Clark on violence


Jason Collins


January 6, 2011

In Greg Clark’s excellent book A Farewell to Alms, Clark posited that there was only one important event in human history - the Industrial Revolution. Before that time, per capita income was effectively flat, with no discernible trend. That all changed around 1800 AD with the Industrial Revolution. Clark saw the Neolithic revolution and the move to settled agriculture as simply an extension of hunting and gathering and symptomatic of the steadily improving efficiency that had occurred over the previous tens of thousands of years.

Following publication of the book, a series of articles by reviewers were published in the European Review of Economic History (which are unfortunately gated for those without university access). In Clark’s response (which he has helpfully placed on his website), he concedes that there is another event to the Industrial Revolution that we should note. This event is not the Neolithic revolution but is the move to societies where violence was limited (and centralised). It is in such societies the competition for reproductive success shifts towards economic means, meaning that those traits conducive to economic growth can spread.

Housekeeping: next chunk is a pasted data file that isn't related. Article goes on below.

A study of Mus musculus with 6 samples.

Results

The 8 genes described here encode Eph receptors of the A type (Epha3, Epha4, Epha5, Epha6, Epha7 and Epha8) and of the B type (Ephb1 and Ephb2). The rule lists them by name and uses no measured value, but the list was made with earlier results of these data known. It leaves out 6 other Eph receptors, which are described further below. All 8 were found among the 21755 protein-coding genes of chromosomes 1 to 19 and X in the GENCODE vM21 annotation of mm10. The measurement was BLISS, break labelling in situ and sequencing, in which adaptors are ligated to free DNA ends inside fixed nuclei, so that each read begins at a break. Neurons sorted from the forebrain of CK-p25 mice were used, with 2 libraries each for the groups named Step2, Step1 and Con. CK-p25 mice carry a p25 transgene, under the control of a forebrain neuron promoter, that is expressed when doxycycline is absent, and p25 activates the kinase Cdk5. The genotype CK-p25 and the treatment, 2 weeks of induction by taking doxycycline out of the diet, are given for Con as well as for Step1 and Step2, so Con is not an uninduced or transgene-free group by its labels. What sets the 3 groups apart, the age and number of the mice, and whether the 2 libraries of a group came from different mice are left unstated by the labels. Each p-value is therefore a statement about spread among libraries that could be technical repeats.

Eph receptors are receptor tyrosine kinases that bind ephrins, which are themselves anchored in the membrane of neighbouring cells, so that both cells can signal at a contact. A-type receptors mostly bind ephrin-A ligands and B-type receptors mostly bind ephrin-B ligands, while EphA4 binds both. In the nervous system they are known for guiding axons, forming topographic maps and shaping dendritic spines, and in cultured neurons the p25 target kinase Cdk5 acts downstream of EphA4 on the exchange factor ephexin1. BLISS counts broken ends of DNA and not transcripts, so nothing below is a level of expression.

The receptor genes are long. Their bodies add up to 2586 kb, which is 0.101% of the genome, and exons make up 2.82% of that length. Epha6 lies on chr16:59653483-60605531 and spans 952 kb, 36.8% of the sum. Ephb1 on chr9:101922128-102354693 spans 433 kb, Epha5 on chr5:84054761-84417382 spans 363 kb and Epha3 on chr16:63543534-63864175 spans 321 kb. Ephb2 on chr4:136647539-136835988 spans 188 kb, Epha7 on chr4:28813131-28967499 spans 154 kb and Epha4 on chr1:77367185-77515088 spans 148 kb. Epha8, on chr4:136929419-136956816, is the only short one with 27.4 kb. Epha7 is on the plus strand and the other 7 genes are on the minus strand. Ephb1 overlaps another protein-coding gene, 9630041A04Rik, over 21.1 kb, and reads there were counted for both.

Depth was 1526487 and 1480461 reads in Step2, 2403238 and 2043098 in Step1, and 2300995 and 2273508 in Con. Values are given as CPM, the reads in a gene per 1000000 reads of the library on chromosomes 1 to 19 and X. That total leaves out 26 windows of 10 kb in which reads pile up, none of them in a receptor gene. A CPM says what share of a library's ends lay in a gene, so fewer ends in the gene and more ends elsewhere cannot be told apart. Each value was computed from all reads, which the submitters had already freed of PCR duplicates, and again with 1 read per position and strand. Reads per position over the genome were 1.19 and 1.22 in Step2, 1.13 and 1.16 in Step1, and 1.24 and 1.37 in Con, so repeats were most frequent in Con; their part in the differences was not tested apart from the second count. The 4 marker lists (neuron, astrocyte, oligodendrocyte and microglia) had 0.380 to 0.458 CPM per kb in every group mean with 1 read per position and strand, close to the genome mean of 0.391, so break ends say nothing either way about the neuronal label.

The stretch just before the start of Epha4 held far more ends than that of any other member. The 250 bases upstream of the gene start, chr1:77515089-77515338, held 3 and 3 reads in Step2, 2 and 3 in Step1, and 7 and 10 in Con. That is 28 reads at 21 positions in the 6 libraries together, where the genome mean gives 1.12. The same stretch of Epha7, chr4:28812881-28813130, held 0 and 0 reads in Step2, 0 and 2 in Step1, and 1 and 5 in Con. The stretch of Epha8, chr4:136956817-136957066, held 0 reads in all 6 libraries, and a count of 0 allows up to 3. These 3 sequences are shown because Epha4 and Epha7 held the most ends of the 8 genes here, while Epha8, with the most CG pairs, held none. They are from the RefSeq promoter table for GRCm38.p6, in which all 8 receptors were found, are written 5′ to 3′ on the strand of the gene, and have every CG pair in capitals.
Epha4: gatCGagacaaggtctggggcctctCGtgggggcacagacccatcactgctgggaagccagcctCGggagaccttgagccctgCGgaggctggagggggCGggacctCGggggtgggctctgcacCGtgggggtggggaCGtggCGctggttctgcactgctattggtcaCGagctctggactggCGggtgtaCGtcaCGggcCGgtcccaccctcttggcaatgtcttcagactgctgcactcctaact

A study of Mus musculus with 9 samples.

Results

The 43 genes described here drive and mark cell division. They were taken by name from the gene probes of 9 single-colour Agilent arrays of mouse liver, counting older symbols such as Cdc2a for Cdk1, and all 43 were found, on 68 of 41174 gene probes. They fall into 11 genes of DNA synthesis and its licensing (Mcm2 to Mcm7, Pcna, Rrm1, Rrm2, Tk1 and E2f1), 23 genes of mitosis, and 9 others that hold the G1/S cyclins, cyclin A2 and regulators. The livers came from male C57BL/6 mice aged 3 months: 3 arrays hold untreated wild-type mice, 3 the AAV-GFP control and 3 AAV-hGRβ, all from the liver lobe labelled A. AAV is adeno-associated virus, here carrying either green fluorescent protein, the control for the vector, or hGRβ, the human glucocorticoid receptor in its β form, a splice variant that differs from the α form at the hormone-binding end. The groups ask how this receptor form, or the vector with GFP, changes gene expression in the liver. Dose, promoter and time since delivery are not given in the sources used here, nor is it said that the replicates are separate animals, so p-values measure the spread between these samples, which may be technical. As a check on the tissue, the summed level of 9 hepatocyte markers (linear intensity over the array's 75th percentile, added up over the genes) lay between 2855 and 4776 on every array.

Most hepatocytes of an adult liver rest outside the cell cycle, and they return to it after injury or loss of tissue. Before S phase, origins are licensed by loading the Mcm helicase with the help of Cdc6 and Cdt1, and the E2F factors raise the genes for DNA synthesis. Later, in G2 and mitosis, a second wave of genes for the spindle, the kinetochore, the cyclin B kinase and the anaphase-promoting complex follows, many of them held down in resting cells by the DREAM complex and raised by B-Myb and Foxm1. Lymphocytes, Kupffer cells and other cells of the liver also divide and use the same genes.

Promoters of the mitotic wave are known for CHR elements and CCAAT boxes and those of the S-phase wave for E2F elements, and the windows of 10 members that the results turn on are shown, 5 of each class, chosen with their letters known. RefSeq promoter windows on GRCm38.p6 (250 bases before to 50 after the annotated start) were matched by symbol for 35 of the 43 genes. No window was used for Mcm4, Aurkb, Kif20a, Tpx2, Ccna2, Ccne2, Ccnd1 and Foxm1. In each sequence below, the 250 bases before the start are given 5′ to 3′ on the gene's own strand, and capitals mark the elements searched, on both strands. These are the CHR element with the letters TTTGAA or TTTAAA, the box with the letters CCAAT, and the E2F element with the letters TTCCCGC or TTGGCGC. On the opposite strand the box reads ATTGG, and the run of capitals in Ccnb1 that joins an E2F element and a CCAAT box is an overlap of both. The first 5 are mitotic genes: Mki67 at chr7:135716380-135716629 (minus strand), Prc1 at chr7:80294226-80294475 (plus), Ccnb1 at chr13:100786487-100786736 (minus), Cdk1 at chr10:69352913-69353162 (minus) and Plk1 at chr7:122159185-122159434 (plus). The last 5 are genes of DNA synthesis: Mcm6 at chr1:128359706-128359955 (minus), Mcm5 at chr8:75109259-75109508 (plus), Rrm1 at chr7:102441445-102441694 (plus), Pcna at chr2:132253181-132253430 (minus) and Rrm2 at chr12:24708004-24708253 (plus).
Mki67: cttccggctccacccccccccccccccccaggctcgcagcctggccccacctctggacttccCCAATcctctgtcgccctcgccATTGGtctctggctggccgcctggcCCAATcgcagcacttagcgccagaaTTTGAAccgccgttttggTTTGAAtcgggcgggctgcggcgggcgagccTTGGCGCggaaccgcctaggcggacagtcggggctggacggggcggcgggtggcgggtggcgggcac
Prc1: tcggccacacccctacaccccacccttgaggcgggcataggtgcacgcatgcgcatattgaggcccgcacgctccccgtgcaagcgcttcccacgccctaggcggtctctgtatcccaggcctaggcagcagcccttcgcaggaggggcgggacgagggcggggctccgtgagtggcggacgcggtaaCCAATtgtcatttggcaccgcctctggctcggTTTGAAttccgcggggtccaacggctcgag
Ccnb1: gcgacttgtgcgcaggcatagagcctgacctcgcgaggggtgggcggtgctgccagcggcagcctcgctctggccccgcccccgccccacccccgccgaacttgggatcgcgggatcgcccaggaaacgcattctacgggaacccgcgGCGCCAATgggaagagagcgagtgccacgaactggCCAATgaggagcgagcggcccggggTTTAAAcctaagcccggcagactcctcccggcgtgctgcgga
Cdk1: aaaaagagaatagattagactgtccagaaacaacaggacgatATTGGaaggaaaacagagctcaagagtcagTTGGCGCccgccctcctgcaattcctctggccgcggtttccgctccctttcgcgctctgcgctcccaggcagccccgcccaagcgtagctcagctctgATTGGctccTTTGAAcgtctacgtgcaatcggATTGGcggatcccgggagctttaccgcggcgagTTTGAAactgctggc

Clark noted the poor understanding that we have of this transition. Following from my posts of the last two days on violence (here and here), if a violent society favours genotypes which have a tendency to violence, what is the trigger to exit that violent state? The Neolithic revolution appears to be a necessary but not sufficient step.

Clark uses the example of the Huli of the southern highlands of Papua New Guinea. They had established a settled system of agriculture and men accumulated wealth through the accumulation of pigs and control over gardens. However, 20 per cent of male deaths and 6 per cent of female deaths were from violence or warfare. Rather than social status being attained through wealth, causation was reversed, with high social status leading to wealth and that status often coming from being distinguished in fighting. Success in this society was built on war and social intercourse and not skill in production.